I watched Seattle Seahawks quarterback Russell Wilson’s interview with The Rock Church where he declared that he and new girlfriend Ciara are choosing to be celibate at this stage of their relationship. As others celebrated his rationale, his remarks made me cringe. While some of have questioned the legitimacy and timing of their romance, Wilson was open and quite candid about his feelings, explaining, “I met this girl named Ciara who is the most beautiful woman in the world. She is the most kind person, the most engaging person, everything I could ever want.”

At that point, I was very “talk your shit, playboy,” but then my patriarchy alarm quickly went off, and with it, my enthusiasm level proceeded to plummet.

Wilson continued: “I’ll never forget she was on tour and I was looking at her in the mirror, sitting in her dressing room and God spoke to me and said, ‘I need you to lead her.’ So I told her right then and there, ‘What would you do if we took all that extra stuff off the table and do it Jesus’ way?’”

By “extra stuff” he meant sex, and went on to note, “If you could love someone without that, you can really love someone.” Sure, but that doesn’t make a relationship any stronger, valid, or more likely to be successful. It also doesn’t make the love of two sexually-engaged adults any less significant than those who are abstaining. This language might’ve worked well in the room Wilson sat in, but his logic comes across as flimsy to many of us standing outside of it.

There are benefits to celibacy. If you would like to avoid the complications that come with sex for a little while, by all means, put your taint on ice. If you’re against casual sex—in perpetuity or momentarily—I totally understand. If your penis is on the mend and you need to see what’s what with a doctor and need to relax, relate, and not release? Cool. You’re in my thoughts and prayers.

These are all valid reasons to be chaste, but when you invoke Christ and the Bible, you’re citing scripture that often categorizes women as second class and “impure” whenever sexualized. So when I hear Wilson say he wants to “lead” her, I’m curious as to where exactly he’s taking her? Even when it comes to the notion of “God’s way”—and by that, he means no sex before marriage—what happens when you’ve already been married and subsequently divorced like Russell Wilson?

I admire two very sexy individuals forgoing sex to purportedly strengthen their relationship—particularly when they have songs like “Ride” in their catalog—but Wilson’s stance sounds pious. 


All too often we are told to respect everyone’s beliefs, notably if they are packaged as part of one’s religion. However, rarely are we encouraged to challenge’s one’s views if they are perceived to come at the expense of someone else. Folks are free to believe as they please, but when they interject the name of their God and the dogma behind it, they should be challenged—especially when said those views are dated, sexist, and in many respects, guilty of selective reading and interpretation.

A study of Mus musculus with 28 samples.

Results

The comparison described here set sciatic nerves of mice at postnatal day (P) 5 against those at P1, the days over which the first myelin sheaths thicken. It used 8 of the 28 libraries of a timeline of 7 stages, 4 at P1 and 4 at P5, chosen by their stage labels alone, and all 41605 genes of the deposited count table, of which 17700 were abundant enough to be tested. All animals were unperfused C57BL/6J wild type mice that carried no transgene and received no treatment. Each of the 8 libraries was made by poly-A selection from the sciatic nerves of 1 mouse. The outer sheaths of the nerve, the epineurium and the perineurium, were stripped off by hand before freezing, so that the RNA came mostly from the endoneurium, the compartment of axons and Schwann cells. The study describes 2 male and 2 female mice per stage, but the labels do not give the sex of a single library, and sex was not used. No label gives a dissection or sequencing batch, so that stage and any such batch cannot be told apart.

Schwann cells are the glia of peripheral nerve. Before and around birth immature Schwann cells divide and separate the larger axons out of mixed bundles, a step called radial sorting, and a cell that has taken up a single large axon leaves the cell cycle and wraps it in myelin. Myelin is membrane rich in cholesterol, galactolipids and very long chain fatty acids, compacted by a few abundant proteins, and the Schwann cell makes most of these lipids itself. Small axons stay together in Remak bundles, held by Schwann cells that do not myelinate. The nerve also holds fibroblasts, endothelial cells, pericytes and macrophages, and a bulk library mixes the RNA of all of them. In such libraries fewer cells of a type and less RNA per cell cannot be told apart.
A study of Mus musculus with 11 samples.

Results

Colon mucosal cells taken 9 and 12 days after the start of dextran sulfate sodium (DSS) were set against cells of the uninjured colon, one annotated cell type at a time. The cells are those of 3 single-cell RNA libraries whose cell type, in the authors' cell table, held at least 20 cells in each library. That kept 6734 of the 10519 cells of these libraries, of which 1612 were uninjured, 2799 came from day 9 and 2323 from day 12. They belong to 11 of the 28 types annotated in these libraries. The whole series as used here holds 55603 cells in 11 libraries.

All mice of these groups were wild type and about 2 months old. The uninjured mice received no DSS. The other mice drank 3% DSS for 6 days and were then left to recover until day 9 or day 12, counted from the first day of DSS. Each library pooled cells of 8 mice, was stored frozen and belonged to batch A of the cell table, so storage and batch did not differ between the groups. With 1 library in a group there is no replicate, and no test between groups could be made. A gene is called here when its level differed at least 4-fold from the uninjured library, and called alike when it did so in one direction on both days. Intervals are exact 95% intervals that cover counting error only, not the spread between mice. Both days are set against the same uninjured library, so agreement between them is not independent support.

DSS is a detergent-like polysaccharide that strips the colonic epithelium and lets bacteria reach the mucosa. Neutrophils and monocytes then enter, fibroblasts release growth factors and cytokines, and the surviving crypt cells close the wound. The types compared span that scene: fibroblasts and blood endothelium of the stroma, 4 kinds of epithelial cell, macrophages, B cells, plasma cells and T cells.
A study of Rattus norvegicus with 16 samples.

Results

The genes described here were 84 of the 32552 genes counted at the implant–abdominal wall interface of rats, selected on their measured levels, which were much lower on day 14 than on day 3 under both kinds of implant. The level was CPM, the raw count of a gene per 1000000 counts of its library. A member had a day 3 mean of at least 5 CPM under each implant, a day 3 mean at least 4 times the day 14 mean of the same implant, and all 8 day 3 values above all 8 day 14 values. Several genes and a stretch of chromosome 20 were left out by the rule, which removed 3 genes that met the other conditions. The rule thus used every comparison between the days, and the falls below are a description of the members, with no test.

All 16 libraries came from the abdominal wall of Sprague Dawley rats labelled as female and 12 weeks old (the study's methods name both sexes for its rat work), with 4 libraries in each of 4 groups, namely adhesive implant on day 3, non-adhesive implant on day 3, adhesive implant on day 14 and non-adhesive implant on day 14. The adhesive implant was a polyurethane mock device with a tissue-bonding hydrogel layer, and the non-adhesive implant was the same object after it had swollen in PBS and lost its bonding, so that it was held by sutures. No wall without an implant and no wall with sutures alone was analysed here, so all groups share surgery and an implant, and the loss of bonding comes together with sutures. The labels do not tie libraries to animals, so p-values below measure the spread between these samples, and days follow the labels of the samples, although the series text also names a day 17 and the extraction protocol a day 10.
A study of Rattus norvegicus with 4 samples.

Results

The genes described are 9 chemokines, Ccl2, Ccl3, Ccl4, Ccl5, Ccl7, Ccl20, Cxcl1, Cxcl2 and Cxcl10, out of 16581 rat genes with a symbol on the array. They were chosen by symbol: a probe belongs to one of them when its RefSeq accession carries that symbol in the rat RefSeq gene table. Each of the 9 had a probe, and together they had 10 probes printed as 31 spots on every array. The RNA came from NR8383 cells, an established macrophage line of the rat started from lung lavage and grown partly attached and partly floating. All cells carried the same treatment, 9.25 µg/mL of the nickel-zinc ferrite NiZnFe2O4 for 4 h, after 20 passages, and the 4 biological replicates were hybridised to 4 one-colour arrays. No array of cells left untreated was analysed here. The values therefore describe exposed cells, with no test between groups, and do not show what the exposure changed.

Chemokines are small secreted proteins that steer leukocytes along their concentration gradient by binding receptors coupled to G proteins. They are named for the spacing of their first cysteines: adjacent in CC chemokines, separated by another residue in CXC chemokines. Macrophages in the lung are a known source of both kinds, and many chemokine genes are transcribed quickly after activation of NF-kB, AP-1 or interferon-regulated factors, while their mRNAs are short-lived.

As someone who lives outside the margins of the majority, I know how easy it is for people to deflect their biases and prejudices under the shroud of religion.

The way select Christians romanticize “biblical marriage” is similar to what Wilson does here with chastity. “biblical marriage” means multiple things including: polygamy; woman as property; a widow marrying her dead husband’s brother; a soldier marrying his prisoner of war; a man being permitted to maintain concubines; a rapist marrying his victim. The “nuclear family” is what many people speak to when decrying the virtues of “biblical marriage,” but that single book provides several definitions.

Not surprisingly, many of these now perceived archaic forms of marriage are rooted in subjugation. It may be an inconvenient truth to some, but arguing for chastity in the name of doing it “Jesus’ way” is just another incarnation of that bad habit. Do whatever you want, but be very careful about saying you are doing it as God intended to because that can mean so many things as evidenced by the very book in which Wilson claims to base his views on. Then again, there is the common theme among them all: policing a woman’s sexuality. Apparently Wilson would like to keep that one going.

Where exactly is Russell Wilson “leading” Ciara again? Why does he assume she needs to be led anyway? And what is he trying to imply about those who don’t follow suit? That their love is not as pristine? This is comically immature and I’d let Wilson's choice simply be his had he not shared this publicly with the insinuation that he and Ciara are providing the public with a much-needed example of how things ought to be done. 

There are plenty people of God-fearing people who have evolved from the paternalistic guide to love and sex as found in the Bible. We’re no longer marrying our slaves and captives, too, Russell. Or in his case, we're even getting divorces now. If God sent a direct message to him, hallelujah. He doesn't have to make love to Ciara, but he shouldn't be trying to moralize the rest of us about it either.

Michael Arceneaux hails from Houston, lives in Harlem, and praises Beyoncé’s name wherever he goes. Follow him @youngsinick.